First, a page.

The city is looking to update its 2002 Community Survey as an add-on to its second-home owners study.
In the fall, the Steamboat Springs City Council agreed to join the Northwest Colorado Council of Governments. Part of the reason for joining was to take advantage of an in-depth second-home owners study the organization did.
Organization officials said that for $14,350, they would complete the second-home owner study, and for no extra cost, they would do an additional survey that would update the three-year-old community survey.
The update to the community survey would be sent only to those people listed in the Routt County Assessor's database. Using other databases to send out surveys would cost the city extra money.
"We can do the second-home owners survey, and we can do a community survey, but it will be nothing like the one we did in 2002," City Manager Paul Hughes told the City Council almost a week ago.
The Northwest Colorado Council of Governments proposal would survey only property owners and would send out 2,000 surveys.
At Tuesday's meeting, council members will decide if they want to update the 2002 Community Survey and, if so, what databases to use and what questions to ask.
In 2002, the city sent out 4,500 surveys using the Routt County Assessor's database, voter registration addresses, a credit-service list of addresses and Steamboat Springs Chamber Resort Association addresses.
The city had 1,082 surveys returned. The 2002 survey cost the city $26,000.
In a memo to the council, city staff noted that it would cost $18,700 to add registered voters to the survey update and $23,000 to add business owners.
City Deputy Manager Wendy DuBord said the information from the community survey helps the council make decisions about budgeting and what projects to finance.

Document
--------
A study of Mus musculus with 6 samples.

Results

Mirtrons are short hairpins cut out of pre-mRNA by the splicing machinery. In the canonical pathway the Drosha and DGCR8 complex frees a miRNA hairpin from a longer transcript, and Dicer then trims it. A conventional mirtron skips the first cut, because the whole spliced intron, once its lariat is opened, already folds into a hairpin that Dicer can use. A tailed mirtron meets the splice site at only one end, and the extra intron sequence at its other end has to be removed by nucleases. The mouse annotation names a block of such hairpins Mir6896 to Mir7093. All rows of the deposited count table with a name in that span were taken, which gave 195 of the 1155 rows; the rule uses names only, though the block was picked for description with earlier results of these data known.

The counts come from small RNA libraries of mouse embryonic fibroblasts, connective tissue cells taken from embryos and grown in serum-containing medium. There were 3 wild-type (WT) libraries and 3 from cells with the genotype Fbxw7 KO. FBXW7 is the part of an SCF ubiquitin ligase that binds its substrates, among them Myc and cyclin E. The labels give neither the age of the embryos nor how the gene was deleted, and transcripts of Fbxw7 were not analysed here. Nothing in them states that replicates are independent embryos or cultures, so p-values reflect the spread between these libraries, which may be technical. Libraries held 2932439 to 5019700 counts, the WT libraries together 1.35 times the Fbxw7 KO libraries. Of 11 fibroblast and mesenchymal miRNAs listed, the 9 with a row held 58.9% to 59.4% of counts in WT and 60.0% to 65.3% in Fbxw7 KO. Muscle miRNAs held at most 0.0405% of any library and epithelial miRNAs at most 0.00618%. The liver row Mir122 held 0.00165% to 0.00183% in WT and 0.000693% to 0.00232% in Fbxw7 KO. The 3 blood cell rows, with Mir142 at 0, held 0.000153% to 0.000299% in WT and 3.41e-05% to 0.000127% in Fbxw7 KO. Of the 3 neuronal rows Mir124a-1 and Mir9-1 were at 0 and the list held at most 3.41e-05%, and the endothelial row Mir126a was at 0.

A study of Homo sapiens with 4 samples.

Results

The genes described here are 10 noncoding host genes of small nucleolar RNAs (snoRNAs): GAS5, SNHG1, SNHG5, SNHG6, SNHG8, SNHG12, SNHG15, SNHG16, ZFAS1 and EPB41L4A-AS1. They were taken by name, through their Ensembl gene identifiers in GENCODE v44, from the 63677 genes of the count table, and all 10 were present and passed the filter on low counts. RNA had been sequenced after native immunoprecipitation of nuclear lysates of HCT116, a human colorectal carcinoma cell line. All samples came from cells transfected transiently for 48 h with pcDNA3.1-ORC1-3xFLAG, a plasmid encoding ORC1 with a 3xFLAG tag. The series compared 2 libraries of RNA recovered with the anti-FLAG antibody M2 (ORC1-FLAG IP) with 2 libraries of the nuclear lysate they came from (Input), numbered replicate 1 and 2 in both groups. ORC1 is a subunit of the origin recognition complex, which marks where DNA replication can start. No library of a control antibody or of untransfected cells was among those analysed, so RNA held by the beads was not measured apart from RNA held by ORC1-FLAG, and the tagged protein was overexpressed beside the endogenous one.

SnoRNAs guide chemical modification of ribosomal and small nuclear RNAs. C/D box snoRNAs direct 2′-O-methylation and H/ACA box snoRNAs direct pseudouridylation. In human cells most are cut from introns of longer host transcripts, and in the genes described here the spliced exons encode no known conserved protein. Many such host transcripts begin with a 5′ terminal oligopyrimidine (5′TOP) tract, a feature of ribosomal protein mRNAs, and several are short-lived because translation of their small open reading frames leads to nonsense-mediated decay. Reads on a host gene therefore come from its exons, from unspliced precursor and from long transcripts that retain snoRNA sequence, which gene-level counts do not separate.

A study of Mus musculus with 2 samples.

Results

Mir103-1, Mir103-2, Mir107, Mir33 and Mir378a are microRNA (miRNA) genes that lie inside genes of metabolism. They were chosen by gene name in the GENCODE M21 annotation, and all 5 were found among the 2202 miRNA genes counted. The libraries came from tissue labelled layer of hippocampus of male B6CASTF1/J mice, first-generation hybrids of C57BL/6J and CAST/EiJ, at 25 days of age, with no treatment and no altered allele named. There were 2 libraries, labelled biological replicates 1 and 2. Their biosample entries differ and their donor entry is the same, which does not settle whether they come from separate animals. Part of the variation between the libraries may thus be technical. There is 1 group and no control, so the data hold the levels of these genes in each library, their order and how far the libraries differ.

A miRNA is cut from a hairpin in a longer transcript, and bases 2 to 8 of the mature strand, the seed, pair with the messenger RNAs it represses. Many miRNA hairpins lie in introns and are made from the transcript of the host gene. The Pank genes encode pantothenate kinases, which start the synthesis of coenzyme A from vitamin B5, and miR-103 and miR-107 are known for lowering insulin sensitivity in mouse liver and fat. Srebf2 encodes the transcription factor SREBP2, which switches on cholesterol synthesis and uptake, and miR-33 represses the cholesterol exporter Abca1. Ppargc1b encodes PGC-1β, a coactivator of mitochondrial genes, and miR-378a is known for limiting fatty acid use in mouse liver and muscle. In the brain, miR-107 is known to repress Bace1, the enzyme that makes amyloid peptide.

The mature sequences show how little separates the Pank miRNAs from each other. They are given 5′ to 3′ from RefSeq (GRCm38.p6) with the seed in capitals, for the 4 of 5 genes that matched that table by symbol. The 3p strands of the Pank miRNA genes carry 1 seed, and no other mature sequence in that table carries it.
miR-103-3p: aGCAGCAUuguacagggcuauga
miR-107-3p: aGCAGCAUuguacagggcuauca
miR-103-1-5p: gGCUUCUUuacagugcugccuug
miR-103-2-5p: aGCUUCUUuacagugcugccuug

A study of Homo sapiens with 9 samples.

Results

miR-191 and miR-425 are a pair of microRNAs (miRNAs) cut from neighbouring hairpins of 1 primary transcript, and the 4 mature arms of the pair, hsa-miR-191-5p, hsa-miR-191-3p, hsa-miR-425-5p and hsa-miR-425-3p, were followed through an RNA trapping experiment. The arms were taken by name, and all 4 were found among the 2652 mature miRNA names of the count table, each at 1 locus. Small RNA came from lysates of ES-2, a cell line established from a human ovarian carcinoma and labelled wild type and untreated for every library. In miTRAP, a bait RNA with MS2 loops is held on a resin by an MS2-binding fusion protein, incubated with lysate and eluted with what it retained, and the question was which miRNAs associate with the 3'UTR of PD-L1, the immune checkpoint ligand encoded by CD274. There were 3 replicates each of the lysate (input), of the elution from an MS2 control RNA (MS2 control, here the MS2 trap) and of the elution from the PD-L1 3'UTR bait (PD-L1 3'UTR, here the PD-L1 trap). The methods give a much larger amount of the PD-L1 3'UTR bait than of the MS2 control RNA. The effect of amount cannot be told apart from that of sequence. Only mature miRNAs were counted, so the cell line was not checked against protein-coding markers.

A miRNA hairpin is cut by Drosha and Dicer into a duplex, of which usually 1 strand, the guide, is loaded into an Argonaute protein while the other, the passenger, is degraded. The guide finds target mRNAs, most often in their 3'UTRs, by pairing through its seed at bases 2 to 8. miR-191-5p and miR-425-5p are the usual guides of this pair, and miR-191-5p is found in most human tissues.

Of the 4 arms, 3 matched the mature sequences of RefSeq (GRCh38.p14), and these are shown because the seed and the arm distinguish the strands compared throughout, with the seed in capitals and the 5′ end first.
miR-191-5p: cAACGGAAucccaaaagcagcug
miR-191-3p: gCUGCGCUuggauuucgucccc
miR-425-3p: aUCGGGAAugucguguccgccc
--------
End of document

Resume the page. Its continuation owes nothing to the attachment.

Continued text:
"Quite frankly, most (communities) survey every year, and most that survey update every other year. (We are) in our third year," DuBord said.
In the last community survey, council members raised concerns about the lack of response from residents younger than 35, DuBord said. Other council members were concerned about mailing surveys to Chamber members, fearing results would be skewed.
Staff members have proposed reducing the number of questions in the updated community survey. Some residents said it took about an hour to complete the 2002 Community Survey.
They have suggested taking out questions rating residents' satisfaction with police services, parks and recreation services and the city's communication with the public. Questions about affordable housing and special-event funding also are marked for removal.
The final results of the 2002 Community Survey indicated that protecting the environment and managing growth were top priorities the city should have. The survey results also sent a clear message that tax money should go toward preserving open space and building trails and bike paths.
A community survey also was done in 1999 and produced similar findings.